Today’s second reading is from I Corinthians 12. Paul tells us that the gifts of the Holy Spirit take various forms. Of course, we know from Genesis 1:31 that all good things have their origin in God: God looked at everything he had made, and he found it very good. The Epistles of James says, all good giving and every perfect gift is from above, coming down from the Father of lights, with whom there is no alteration or shadow caused by change.
Paul felt the Church at Corinth was getting carried away with charismatic activity, and he reminedd his brothers and sisters that the gifts of the Holy Spirit are many. As Paul famously says,
There are different kinds of spiritual gifts but the same Spirit; there are different forms of service but the same Lord; there are different workings but the same God who produces all of them in everyone.
Paul enumerates nine gifts of the Spirit. To a contemporary Christian, these gifts are unusual: healing and prophecy, for example. The other gifts are faith, mighty deeds, discernment of spirits, tongues, etc.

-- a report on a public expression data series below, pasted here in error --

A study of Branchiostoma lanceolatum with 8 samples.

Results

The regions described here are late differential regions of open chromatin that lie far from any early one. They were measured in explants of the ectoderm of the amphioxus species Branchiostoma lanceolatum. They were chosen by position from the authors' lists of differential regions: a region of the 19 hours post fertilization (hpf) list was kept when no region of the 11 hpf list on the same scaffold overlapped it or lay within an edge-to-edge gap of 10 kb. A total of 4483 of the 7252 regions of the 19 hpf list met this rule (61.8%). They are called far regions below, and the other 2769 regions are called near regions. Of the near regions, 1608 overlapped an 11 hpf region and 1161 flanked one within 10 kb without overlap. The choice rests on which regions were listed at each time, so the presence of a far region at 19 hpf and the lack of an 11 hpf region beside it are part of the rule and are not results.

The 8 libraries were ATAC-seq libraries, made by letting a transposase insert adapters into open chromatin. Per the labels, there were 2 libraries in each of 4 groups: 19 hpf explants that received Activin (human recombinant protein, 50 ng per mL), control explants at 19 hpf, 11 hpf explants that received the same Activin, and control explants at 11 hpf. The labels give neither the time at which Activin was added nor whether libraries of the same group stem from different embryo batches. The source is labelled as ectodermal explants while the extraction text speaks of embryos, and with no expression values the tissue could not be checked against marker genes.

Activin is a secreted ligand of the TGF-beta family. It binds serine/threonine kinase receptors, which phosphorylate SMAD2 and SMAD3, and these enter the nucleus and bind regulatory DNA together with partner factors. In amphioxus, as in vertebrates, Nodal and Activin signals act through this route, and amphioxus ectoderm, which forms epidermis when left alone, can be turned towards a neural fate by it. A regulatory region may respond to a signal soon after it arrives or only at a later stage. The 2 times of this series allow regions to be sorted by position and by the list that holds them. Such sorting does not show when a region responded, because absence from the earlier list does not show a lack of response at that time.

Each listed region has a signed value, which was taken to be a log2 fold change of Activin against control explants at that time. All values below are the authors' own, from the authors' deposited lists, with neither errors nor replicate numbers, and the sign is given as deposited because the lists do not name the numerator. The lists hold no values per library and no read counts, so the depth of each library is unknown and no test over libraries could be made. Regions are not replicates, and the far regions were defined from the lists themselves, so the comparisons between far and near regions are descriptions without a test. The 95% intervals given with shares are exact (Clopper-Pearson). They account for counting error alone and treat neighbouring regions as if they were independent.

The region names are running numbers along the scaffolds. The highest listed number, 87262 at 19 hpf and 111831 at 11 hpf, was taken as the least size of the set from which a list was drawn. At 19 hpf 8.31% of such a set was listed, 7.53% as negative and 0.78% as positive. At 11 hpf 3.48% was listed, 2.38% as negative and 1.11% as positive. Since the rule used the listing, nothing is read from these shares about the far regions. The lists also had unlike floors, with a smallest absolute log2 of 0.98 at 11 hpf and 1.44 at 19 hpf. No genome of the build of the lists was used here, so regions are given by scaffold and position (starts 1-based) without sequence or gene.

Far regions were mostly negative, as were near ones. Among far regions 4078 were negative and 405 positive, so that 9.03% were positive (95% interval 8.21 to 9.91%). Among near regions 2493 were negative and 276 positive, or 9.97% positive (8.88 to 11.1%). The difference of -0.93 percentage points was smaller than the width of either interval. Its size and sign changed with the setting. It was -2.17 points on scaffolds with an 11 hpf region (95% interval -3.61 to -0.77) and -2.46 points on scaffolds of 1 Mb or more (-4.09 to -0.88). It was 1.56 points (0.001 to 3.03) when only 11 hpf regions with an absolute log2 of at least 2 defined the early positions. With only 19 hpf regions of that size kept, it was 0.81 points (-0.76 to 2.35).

Pope St. Gregory the Great was a serious bible scholar. In a biblical commentary he wrote on Job, Gregory popularizes the idea of seven moral virtues, which are associated with the seven sons of Job (Job 1:2). According to his commentary, these moral virtues (which he borrows from the Book of Isaiah) are ‘wisdom, understanding, counsel, might, knowledge, piety, and the fear of the Lord.’ Ambrose, Bishop of Milan, accepted Gregory’s version of the seven virtues, calling them gifts. St. Thomas Aquinas spoke of the similarity between the seven moral virtues and seven gifts of the Spirit in the Summa Theologiae, here.
So, where does Isaiah speak of the gifts of the spirit? In verses 11:1-3, which is not coincidentally a Messianic passage, he speaks explictly of six:
But a shoot shall sprout from the stump of Jesse, and from his roots a bud shall blossom. The spirit of the Lord shall rest upon him: a spirit of wisdom and understanding, a spirit of counsel and strength, a spirit of knowledge and fear of the Lord.